Street furniture has be more than be attractive

A collage of seating types in Bourke Street Mall, Melbourne.

An article in The Age discusses how the design of street furniture distinguishes one city from another. But street furniture has to be more than attractive and different.

As the article points out, Paris has art deco metro entrances, London is known for red pillar boxes and Melbourne has curly bike racks. But Melbourne wants to be better than just bike racks. Consequently, the city’s street furniture is under review. Upgrades will not be cheap; a city bench ranges from $2000 to $5000 and lighting poles come in at $10,000.

If the images in the article are anything to go by, access and inclusion appears to have been forgotten. The placement of bike racks is problematic everywhere. On the kerbside, or against a building? Either way, they are a barrier for people with low or no vision. Seats and benches in fancy shapes are not always good places to rest either. 

Stainless steel coiled along the footpath to create a place to park bicycles.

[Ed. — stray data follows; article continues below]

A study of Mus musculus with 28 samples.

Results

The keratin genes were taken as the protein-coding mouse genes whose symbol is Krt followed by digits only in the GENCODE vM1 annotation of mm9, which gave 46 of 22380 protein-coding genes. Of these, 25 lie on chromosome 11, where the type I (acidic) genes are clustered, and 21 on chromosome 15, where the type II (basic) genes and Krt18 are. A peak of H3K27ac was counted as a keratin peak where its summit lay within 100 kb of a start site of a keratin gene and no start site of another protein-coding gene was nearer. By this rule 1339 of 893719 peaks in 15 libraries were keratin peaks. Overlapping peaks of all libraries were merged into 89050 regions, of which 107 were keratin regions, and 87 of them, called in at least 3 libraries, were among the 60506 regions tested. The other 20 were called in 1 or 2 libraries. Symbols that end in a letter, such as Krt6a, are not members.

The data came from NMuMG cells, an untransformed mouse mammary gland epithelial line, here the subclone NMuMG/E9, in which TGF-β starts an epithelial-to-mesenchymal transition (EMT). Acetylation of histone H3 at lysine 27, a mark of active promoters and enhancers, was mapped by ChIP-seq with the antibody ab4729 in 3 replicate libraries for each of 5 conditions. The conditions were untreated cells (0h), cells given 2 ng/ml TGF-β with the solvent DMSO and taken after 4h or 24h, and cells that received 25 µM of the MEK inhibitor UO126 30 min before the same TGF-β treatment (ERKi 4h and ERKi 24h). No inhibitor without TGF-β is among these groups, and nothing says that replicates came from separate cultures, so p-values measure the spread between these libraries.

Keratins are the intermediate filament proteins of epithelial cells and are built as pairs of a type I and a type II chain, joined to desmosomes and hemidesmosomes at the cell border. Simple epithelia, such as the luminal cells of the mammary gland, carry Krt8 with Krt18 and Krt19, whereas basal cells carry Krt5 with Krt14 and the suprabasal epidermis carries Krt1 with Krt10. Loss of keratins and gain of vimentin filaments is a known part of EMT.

It’s one thing to create a city ‘brand’, but it also needs to serve the whole population. Simple things like seating are also part of walkability strategies, and encouraging people to get out and about.  

The title of the article is, Melbourne looks to the world to reimagine city’s street style. Lets hope Melbourne does consult widely on reimagining the city’s street style.

Do we welcome skateboarders or do we exclude them? Do we welcome homeless people or exclude them? Do we offer people a place to sit or do we leave them in the middle of the road?

Rory Hyde, Melbourne University

Architect James Legge almost makes the accessibility point but it is in the context of designing for brand. ” … it’ll work well or it’ll work badly.”

If Melbourne takes a universal design approach to the project, the chances of everybody winning increase significantly.

Where would you like to sit?

brightly coloured simple folding chairs in an outdoor cafe setting.

Tanisha Cowell gives her perspective on seat design as an occupational therapist and interior designer. She says her five features for great seats is not rocket science and seems common sense, but as always, it’s the little details that make a difference.

Of course backrests and armrests get a mention, but also where to place seating, say in a park or a cafe. Did you think about colour contrast and height of the seat, or even the thickness of a seat? Tanisha has something to say about these too. And what about a cushion for the leisurely Sunday breakfast at your favourite cafe?